John McNamara head of commercial and regulatory affairs with Bord na Móna told those gathered at a major conference organised by the Irish Congress of Trade Unions (ICTU) on ‘Just Transition’, earlier this week, that the company is committed to the process.

It has invested in new green industries that will produce jobs through a number of channels in the midlands region.

The initiative – which has been mooted in an effort to identify key measures and supports for Bord na Móna employees and the communities in which the company is based – was discussed in detail at the ‘Building A Just Transition: The Case for Bord na Móna‘ conference in Tullamore on Tuesday, April 30.

McNamara – who is part of a team that is looking at the policy and regulatory environment at a national, European and international level and where the company fits into all of that – says Bord na Móna is now focused on ceasing peat production in an effort to lower its greenhouse gas emissions.

Transitioning with climate change

Just Transition, meanwhile, is described as “a framework that has been co-opted by the trade union movement to encompass a range of social interventions needed to secure workers’ jobs and livelihoods when economies are shifting to sustainable production”.

It includes avoiding climate change, protecting biodiversity and ending war as well as other challenges.

Separately, Bord na Móna was established as a semi-state company in 1946 to assist with the growth and development of the midlands region and to help create energy security for what would soon become the Republic of Ireland.

At peak employment in 2015, 1,200 people were employed in peat production at the company.

This week’s conference heard that in 2016, when it was determined that the Republic of Ireland had the third highest levels of greenhouse gas emissions per capita in the EU at 13.5t of CO² equivalent and over 55% higher than the EU average, Bord na Móna came under pressure to begin decarbonisation.

At the same time, energy-related emissions accounted for 61% of the total national emissions that year and peat accounted for 8.8% of Ireland’s energy-related carbon emissions.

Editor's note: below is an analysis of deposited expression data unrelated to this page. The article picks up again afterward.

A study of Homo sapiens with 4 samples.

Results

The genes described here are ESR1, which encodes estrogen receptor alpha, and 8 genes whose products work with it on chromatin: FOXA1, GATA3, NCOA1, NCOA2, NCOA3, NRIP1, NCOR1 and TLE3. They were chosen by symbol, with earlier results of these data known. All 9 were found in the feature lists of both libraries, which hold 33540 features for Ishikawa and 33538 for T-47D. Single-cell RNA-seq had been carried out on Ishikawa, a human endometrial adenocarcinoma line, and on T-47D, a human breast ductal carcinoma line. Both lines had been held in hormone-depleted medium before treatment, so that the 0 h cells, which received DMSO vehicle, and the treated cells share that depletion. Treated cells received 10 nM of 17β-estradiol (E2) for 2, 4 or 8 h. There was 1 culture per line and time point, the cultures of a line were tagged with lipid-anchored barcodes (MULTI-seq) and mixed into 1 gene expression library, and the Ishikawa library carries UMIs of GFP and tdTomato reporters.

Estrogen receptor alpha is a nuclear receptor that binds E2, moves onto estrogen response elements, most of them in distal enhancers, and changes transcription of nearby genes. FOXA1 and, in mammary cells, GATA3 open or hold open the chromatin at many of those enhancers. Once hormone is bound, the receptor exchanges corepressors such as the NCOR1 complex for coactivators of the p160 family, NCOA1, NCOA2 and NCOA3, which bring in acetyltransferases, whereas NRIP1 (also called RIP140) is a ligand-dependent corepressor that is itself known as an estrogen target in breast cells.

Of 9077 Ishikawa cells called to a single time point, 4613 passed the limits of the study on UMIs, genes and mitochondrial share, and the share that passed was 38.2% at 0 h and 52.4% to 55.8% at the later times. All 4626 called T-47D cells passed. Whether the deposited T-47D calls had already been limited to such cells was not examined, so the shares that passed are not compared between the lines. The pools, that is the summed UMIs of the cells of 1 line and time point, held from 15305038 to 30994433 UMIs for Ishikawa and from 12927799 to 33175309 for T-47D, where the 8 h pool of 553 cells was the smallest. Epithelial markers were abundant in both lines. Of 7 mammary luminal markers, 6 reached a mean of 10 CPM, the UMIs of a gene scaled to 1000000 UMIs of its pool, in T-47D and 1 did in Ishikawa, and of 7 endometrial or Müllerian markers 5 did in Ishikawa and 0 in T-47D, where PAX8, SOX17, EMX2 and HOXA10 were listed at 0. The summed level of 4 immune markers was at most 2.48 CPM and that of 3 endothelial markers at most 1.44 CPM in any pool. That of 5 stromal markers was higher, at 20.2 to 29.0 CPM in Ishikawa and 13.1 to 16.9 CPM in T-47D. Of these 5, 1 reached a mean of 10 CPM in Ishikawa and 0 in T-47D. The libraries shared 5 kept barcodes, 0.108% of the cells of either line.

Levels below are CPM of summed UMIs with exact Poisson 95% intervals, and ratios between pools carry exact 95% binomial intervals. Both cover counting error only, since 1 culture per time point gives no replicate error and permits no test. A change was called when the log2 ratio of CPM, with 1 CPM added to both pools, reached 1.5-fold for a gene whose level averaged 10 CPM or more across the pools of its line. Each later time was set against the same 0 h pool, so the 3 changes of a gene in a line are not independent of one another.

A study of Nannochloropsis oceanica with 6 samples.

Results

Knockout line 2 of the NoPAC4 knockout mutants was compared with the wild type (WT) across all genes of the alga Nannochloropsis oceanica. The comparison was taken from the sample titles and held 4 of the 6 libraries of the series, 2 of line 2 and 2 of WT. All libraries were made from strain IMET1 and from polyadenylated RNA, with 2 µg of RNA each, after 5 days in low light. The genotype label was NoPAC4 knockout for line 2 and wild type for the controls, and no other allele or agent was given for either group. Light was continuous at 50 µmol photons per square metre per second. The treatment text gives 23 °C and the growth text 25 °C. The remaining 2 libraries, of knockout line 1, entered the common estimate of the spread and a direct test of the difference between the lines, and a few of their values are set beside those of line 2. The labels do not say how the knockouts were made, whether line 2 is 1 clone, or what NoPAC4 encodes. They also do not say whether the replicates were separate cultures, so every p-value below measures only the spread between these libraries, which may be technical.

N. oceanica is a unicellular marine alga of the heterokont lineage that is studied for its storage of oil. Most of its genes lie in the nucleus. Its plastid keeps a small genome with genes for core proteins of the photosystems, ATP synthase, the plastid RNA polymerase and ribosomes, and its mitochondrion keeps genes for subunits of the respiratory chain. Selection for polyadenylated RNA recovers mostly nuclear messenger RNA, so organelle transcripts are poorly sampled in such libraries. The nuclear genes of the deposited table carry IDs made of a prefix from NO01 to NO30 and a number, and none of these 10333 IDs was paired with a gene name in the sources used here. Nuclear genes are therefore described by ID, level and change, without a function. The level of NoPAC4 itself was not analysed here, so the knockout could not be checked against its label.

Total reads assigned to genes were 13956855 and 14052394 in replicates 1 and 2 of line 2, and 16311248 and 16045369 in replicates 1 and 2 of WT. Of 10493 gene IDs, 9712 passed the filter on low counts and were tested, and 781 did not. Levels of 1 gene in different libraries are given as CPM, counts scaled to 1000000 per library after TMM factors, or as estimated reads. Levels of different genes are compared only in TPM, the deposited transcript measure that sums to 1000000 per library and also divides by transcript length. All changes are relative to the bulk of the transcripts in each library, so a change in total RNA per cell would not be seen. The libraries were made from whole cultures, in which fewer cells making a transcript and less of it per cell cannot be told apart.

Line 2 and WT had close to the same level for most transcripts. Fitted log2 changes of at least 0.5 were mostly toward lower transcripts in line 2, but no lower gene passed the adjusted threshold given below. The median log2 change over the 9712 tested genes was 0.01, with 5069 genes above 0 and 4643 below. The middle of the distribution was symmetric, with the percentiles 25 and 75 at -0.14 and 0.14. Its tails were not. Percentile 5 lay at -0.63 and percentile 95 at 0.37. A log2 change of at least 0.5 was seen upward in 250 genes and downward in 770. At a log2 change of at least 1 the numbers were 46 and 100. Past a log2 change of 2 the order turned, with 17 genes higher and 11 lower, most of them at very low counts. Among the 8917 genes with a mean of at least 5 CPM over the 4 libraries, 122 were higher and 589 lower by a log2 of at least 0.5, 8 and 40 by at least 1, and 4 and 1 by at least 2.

As society and Bord na Móna begin to respect the decarbonisation journey over the next few years we need to look at the 2030 targets.

McNamara continued: “2020 is history and we are now looking at the 2030 targets. The EU is focused on reaching 32% energy efficiency – 32% renewable energy and 40% in cuts to greenhouse gases.”

‘Action and targets’

The Bord na Móna employee then pointed to the fact that since the draft climate action plan was launched a few weeks ago, even more pressure has been added to the mix in terms of targets and the responsibility that is on society – as a whole – to meet those targets.

“Since the draft was published the Minister for Communications, Climate Action and Environment Richard Bruton has set a 70% renewable electricity target and while the energies go across both transport and heating the electricity target is welcomed,” added McNamara.

While that target is set at 70% for 2030 at least 30% will be required that is non-renewable.

He then pointed to greenhouse gases and where the country now stands in relation to those targets.

“Where we are in terms of our greenhouse gas target, that 40% reduction by 2030 is based on a 2005 figure, and by 2020 we will probably have achieved one third of that.

“So, we have one third done in the best part of 15 years and 10 years to do another two thirds – that is the sort of challenge that is there in relation to greenhouse gases,” he concluded.